WEST FARGO — Lt. Adam Gustafson will be remembered for many things: his service to his country, his commitment to his community, his infectious smile, his passion for travel and his love and pride for his wife and children.
That was a shared message from the many speakers at Gustafson's funeral Wednesday, May 26, at Northview Church in Fargo. The West Fargo police officer suffered a heart attack at West Fargo City Hall Tuesday, May 18, and later died at a Fargo hospital.
West Fargo Police Chief Denis Otterness began on Wednesday by thanking city and regional officials, as well as the West Fargo Community.
"Your many acts of kindness, love and compassion have not only been comforting to the family but the law enforcement family, as well," Otterness said. "He was humble, hardworking, had a great sense of humor and always performed to the highest level. We'll always remember Adam for a great life cut short too early."
The funeral was open to the public with limited seating and livestreamed on InForum.com/West-Fargo. Former West Fargo Police chiefs Arland Rasmussen, who hired Gustafson, and Heith Janke, who promoted him, attended the funeral.
"Adam could always be found with an infectious smile and unwavering positive attitude," Otterness said.
Lt. Jason Anderson spoke about Gustafson's commitment to helping his community through fundraisers and giving to charities, along with his service to the country as a member of the National Guard. Gustafson joined the U.S. Army National Guard in 2001 and served for seven years, including a deployment to Iraq in 2004-2005.
"His infectious smile while he made his rounds just glowed," Anderson said. "As serious as Adam was at work, there was never a shortage of humor."
Gustafson started at the West Fargo Police Department in 2009 and moved up the ranks, becoming a patrol sergeant in 2015. He was promoted to lieutenant in the patrol division in 2018. During his time as an officer at West Fargo, Gustafson also served as a bike patrol supervisor and conducted emergency vehicle operations.
In Gustafson's personnel file, as obtained by The Forum, a dozen letters and emails recognizing his service and helpful nature can be found.
One woman emailed then-Chief Rasmussen to comment on how Gustafson helped and stayed to visit with her after her car stalled on 13th Avenue. She said Gustafson's calm demeanor helped relieve her of the embarrassment and nervousness.
Former City Commissioner Duane Hanson also commented on Gustafson's performance after a ride-along with him.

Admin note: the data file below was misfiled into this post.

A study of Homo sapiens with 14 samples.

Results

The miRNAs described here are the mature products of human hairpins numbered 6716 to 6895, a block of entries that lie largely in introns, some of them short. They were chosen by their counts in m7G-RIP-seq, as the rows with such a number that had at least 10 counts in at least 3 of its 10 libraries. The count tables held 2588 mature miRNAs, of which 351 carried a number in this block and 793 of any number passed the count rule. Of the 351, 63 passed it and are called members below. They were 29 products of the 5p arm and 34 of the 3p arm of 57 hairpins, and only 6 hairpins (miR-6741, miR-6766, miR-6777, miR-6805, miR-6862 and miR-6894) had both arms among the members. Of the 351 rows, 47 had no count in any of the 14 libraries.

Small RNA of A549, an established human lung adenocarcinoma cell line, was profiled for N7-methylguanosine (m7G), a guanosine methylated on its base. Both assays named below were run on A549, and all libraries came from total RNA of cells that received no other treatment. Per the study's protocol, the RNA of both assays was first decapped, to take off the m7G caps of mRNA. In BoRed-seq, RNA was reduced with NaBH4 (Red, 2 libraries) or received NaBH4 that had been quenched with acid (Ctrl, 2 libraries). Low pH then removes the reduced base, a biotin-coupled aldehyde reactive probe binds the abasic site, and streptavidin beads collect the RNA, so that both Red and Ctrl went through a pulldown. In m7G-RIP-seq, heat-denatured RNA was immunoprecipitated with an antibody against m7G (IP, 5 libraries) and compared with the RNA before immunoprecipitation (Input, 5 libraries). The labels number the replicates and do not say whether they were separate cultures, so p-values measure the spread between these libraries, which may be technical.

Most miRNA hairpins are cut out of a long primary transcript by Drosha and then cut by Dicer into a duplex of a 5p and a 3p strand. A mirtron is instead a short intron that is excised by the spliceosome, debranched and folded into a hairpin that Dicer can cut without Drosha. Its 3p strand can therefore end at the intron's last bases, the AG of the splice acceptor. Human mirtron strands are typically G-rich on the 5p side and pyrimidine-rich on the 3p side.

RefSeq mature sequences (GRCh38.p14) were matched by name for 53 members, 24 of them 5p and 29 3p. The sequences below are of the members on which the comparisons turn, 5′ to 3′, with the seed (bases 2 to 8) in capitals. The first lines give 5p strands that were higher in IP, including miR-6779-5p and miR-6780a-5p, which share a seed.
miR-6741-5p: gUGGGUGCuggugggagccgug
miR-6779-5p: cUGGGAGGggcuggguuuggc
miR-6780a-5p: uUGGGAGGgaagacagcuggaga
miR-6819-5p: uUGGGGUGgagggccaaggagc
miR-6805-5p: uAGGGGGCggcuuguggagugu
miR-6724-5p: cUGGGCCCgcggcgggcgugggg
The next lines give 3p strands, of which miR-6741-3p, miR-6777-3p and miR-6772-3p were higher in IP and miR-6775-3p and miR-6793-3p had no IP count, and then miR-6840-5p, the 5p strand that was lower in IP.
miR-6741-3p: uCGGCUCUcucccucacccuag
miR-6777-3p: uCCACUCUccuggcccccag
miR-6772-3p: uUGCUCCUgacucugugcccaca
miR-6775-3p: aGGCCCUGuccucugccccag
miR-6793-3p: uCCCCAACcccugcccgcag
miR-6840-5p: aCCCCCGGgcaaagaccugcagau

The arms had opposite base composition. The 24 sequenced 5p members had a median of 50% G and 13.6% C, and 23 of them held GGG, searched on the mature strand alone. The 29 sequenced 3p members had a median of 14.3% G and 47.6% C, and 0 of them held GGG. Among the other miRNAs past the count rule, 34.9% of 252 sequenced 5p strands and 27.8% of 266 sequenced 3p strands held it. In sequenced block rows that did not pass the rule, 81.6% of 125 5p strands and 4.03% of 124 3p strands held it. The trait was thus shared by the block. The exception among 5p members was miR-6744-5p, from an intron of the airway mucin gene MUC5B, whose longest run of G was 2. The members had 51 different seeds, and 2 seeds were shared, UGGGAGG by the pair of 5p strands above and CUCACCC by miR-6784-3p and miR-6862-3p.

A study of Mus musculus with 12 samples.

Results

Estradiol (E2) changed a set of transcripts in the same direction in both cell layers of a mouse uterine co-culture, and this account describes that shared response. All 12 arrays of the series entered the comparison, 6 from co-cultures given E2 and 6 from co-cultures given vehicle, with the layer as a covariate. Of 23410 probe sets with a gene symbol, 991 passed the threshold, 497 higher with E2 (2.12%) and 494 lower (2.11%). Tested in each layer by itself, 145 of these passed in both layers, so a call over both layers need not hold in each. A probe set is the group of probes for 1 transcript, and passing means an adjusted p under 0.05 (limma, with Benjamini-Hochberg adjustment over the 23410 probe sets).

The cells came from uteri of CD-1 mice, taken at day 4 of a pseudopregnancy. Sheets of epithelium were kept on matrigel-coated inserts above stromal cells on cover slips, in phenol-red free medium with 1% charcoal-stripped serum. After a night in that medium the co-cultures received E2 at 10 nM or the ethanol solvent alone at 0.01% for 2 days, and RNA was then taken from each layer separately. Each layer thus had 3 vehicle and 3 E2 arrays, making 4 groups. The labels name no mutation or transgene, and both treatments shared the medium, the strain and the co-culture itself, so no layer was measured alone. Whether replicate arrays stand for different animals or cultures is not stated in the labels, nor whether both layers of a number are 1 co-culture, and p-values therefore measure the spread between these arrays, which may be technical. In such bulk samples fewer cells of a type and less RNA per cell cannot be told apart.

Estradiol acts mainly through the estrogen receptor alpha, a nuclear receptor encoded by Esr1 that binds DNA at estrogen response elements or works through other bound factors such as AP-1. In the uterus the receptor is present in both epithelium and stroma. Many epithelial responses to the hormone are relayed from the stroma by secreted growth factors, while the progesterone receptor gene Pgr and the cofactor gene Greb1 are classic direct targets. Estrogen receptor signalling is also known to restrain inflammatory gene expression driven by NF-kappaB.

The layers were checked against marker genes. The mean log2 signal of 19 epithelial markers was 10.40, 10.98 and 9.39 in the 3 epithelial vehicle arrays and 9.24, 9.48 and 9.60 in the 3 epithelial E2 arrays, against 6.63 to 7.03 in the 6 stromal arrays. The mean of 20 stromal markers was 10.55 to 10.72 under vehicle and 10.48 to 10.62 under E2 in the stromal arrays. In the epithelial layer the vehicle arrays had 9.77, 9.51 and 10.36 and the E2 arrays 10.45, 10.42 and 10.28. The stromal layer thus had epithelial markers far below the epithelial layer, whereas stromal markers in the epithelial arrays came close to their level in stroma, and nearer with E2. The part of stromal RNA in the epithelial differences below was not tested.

"Adam practices what I call, 'common sense law enforcement,' which I know the citizens of West Fargo will appreciate," Hanson wrote to the city. "I can sleep very well at night knowing who is on our streets keeping us safe."
Gustafson earned a degree in criminal justice from the University of North Dakota in 2008 and went on to complete the Law Enforcement Skills Program in Alexandria, Minn. The highly decorated lieutenant was awarded the West Fargo Commendable Service Award twice in 2016.
Rep. Kelly Armstrong, R-N.D., spoke at the funeral about Gustafson's commitment to serving his community and country.
"The man we are honoring today is the man we should all strive to be," Armstrong said. "A guardsman, a police officer, a husband and by all accounts, most importantly, a great husband."
Gustafson, who grew up in Minnesota, leaves behind a wife, Amber and three children, Walter, Ruby and Emily.
"Adam was always proud when talking about his family, especially his children and their accomplishments," Otterness said.
While Gustafson loved his job, it was fatherhood that was his favorite job, officers said. He quickly became his son's biggest fan and taught himself how to be a "girl-dad" to his two daughters, including teaching himself how to French braid via YouTube videos.
"Adam would want us to remember how much he lived, loved, laughed, teased and served and accomplished in his 40 years, as well as the family he leaves behind," West Fargo Police Sgt. Shane Orn said.
Gustafson was known for his love of travel, food, fantasy sports, cooking and rare whiskey. He visited Alaska, Europe, Belize, Peru and the Dominican Republic and attended the Masters golf tournament in Augusta, Georgia, which was one of his lifelong dreams.
"If you spent any time with Adam, you became his friend," Orn said.
The Cass County Coroner’s Office said 40-year-old Gustafson suffered from severe coronary artery disease and major arterial blockage, causing a sudden, fatal heart attack.
West Fargo Police Chaplain Vern Baardson has been on hand for healing assistance for the police department, and the Fargo Police Department offered its peer guidance group to the West Fargo force.
"To Adam, you were one of the best. You brought so much joy and happiness to everyone around you," Anderson said. "You lived your life to the fullest. So, my friend, my brother ... you can go 10-7. We've got it from here. You're home now. I love you ,man."